THE BLOG
01/18/2012 12:23 pm ET Updated Mar 19, 2012

The Problem With Rick Santorum

In the race for the Republican presidential candidates to prove how blatantly partisan they are, unrelenting faith in Christianity has proven to be an especially distinguishable factor in determining the man who most embodies the radical conservatism that is the modern Republican party.

Theres no doubt that Rick Santorum most embodies this blind devotion, but until recently this was of little concern to those who believe in a separate church and state. After all, Rick's beliefs were considered one of the main reasons why he would never actually win a presidential election.

But thanks to the insistence of Republican voters to try every metaphorical chocolate in the allegorical box before finally settling for President Romney, Santorum's campaign has been given a second glance by Iowa voters who recently placed the ex-senator in a virtual tie in the Iowa caucus, only eight measly votes behind Romney, who many consider the one sane choice for the Republican nomination.

Sadly, this second chance for Santorum occurred due to the same thing that kept the politician from being a major contender up until this point. His unwavering belief that the United States of America can only truly succeed when all of it's laws conforms with that of the Christian religion. If you think this sounds like an over dramatization (I couldn't blame you if you did) then just read his speech at a November campaign stop in Iowa, in which he describes America as "a country that is given rights under the God, under God, not any God, the God of Abraham, Issac and Jacob, and that God that gave us rights also gave us a responsibility, and laws, by which our civil laws have to comport with. A higher law. God's law."

Needless to say, this notion is not only controversial, it's downright unconstitutional. After all, the first amendment of the constitution explicitly states "Congress shall make no law respecting an establishment of religion" and you don't have to be a legal scholar to realize that forcing all of the country's laws to pass the merit of a 2,000 year old religious deity is about as directly opposite from that statement as possible.

Of course, this is of little concern to the religious right, Santorum's main voting block. To them, Santorum is a true social warrior who is only trying to restore America to it's family centered values of yore (whenever that was). But for those not as excited for America to become a Christian state not unlike the Islamic Republic of Iran, Santorum's promises strike a more ominous cord.

Besides his very public view of gay marriage being a sin, therefore justifying an amendment to ban it, Santorum also believes that abortion is never justified in any case, going so far as saying it only further traumatizes rape victims. What may be his most ludicrous stance though is his opposition to pornography (seriously). Last summer the politician signed "The Marriage Vow -- A Declaration of Dependence Upon Marriage and Family" which, among other things, required signers to back a ban on pornography.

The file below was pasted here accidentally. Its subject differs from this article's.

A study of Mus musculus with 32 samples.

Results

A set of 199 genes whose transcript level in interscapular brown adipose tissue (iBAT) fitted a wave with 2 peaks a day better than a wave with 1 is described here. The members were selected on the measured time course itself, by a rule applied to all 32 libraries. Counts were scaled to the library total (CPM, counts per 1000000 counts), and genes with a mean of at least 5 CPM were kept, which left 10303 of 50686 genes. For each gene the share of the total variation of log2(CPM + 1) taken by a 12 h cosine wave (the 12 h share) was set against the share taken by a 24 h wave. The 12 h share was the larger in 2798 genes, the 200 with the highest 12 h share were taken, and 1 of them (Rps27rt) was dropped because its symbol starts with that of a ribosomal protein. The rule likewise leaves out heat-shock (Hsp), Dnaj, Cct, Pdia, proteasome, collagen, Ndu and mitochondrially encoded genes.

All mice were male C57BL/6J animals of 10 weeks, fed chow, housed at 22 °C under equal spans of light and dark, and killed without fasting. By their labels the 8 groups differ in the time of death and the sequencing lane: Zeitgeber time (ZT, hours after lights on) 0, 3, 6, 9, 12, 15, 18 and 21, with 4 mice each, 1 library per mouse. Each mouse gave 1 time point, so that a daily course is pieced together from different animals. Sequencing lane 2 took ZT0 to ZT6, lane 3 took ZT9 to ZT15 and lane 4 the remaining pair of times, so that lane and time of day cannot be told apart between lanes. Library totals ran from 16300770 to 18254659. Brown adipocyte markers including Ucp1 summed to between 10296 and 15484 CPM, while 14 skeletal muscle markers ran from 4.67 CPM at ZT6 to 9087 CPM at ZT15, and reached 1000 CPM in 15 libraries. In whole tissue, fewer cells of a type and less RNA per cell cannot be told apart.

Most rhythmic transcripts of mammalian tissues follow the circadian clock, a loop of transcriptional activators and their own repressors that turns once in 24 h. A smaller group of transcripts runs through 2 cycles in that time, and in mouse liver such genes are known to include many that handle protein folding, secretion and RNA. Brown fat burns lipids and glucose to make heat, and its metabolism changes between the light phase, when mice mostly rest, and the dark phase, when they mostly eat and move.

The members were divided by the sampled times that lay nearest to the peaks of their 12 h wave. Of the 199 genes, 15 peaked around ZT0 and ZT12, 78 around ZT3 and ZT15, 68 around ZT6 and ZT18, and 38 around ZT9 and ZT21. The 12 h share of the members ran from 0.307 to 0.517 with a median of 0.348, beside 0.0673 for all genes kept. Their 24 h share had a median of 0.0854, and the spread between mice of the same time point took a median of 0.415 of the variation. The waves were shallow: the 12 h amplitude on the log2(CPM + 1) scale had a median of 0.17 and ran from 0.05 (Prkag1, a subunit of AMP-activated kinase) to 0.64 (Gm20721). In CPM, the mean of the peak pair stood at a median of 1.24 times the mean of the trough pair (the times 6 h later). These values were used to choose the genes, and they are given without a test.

The irony of all this is that while Santorum fervently believes the nation needs to get closer to God (his God specifically), he is also one of the leaders in sounding the alarm bell against Sharia law, the moral and religious code of Islam. In other words, even though he is completely supportive of America being a religious nation, he will fight tooth and nail to keep it from being a religion he's not associated with, even if there isn't a shred of evidence of it's influence in the first place.

As Santorum explained it, his problem with Sharia law is that it is "not just a religious code. It is also a governmental code. It happens to be both religious in nature and origin, but it is a civil code." What makes this statement both horrifying and hilarious is the fact that in explaining his social conservative views Santorum regularly says things like "We have civil laws, but our civil laws have to comport with the higher law." It seems like Santorum is only truly afraid of a religious civil code running our lives only when said religion isn't his own.

This is not to say though that I am terribly concerned about Santorum actually being the next commander in chief. Yes, Iowa was surprisingly supportive of him, but New Hampshire has shown that when it comes to more moderate voters Romney has got it in the bag. And even in the unlikely case of Santorum winning the Republican nomination, he would just be providing Obama with an easy path to a second term.

My problem with Santorum isn't that he is just a couple steps away from creating a Christian theocracy; it's that there are so many people who are seemingly supportive of this idea. Call me naïve but I've felt like over the past 200 years the country has come to terms with the fact that America was not meant to be a Christian nation. People may still have problems with gay marriage or complain about a "war on religion," but overall there was a basic understanding that no good could come out of religious ideals interfering with the affairs of government.

Now though I'm not so sure. With Santorum's victory in Iowa, and what seems to be rather sizable support in South Carolina, it seems like more Americans than I thought are willing to completely forfeit the country's proud (if not well maintained) tradition of religious equality for the latest republican flavor of the month. Frankly, I thought the pornography ban would be enough to take him out of the race.